Eating: Habits make Culture

Alice Stori Liechtenstein is one of the 20 finalists of the Curate Award. This is her exhibition concept.

Eating is a primal necessity but almost no one eats only to satisfy a need. We eat primarily according to habits, and these are built over time, determined by the family we are born into, the social context in which we find ourselves, and our own personal tastes. Eating habits are cultural but being such a strong element in characterising culture, they also generate it.

This exhibition aims at starting a dialogue on the different ways people approach the activity of eating, and investigate how these habits are drastically changing. The relative abundance and variety of food characteristic of the last 70 years has made many century old eating habits obsolete and is propelling us fast to develop and adopt new ones. Also, although eating is still primarily a social activity, eating habits have become extremely personal and within the western World it has become acceptable for people to self-determine their eating habits to an extent previously unseen. 

As the visitor enters the exhibition he will be confronted with short videos of people talking about their eating habits - being a vegetarian, always having a three course meal, avoiding certain types of food, suffering from eating disorders, eating too fast or too slowly, not liking certain tastes, etc.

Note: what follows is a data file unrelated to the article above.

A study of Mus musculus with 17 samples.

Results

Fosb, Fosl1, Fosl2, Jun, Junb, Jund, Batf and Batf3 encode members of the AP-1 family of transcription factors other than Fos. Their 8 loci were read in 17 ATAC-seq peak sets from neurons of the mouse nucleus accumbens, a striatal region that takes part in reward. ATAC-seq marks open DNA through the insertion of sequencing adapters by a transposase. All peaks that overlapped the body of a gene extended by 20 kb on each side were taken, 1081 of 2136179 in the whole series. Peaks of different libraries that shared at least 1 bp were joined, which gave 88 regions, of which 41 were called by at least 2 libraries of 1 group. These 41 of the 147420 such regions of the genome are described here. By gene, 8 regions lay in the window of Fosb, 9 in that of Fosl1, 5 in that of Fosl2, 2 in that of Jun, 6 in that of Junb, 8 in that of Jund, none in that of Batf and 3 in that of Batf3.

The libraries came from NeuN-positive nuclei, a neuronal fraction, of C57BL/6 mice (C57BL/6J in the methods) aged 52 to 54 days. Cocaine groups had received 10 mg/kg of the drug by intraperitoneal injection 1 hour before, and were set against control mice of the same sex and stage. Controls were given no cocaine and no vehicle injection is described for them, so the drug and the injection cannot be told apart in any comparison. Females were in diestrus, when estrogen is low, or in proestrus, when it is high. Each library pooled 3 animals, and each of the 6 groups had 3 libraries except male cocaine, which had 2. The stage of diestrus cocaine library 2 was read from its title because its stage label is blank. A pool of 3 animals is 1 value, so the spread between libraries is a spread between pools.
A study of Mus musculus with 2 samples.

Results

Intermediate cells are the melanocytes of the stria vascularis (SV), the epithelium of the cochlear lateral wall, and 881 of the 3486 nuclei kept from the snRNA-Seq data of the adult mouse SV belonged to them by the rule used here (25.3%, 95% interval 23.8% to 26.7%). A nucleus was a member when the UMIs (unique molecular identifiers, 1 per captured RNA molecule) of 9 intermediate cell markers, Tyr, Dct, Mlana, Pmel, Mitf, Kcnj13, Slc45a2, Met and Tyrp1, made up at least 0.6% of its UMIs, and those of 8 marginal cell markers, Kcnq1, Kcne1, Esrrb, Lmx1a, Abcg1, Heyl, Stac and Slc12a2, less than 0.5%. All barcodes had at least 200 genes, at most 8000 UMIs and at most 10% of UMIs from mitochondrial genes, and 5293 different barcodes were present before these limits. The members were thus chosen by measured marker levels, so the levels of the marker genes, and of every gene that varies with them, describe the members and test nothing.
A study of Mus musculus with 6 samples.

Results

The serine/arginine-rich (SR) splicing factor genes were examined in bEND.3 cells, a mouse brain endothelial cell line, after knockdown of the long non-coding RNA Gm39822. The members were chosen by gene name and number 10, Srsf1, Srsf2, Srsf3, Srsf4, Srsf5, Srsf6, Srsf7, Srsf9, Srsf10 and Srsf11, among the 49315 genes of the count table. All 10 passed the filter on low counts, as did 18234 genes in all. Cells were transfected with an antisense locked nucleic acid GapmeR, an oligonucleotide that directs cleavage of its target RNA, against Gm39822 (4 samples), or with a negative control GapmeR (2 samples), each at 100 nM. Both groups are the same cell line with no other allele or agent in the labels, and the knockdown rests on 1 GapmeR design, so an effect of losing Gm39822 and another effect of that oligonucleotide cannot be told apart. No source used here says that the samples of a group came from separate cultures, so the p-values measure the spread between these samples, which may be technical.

The second part of the exhibition is about reviving the past in order to better understand the present. There will be 6/8 tables set out according to the customs of different cultures in different eras. The tables will present original artifacts such as china, glass, cuttlery, ornaments, cloths, etc and will be historically accurate. In order to better explain how people behaved at these tables, images depicting meals and feasts through the history of art will be projected around the room.

Tables: Homeric Poems; Imperial China; Medieval Islam; Renaissance Monastery; Court of Louis XVI; Victorian London; Parisian Restaurant (20th century)

The last and largest table will be devoted to contemporary trends in an effort to identify new bahavioural patterns. Some of the themes presented through pictures and infographics will be: “Food Porn” as generated by Instagram, Culinary Blogs, the dychtomy obesity/anorexia, Celebrity Chefs, Permaculture and Sustainability, correlation between food and cancer, etc All topics will be again presented from a behavioural perpective: how they affect our eating habits.

At the end of the exhibition visitors will have the chance to record a short video about their own eating habits. Hopefully they will have had the chance to reflect on their own eating habits.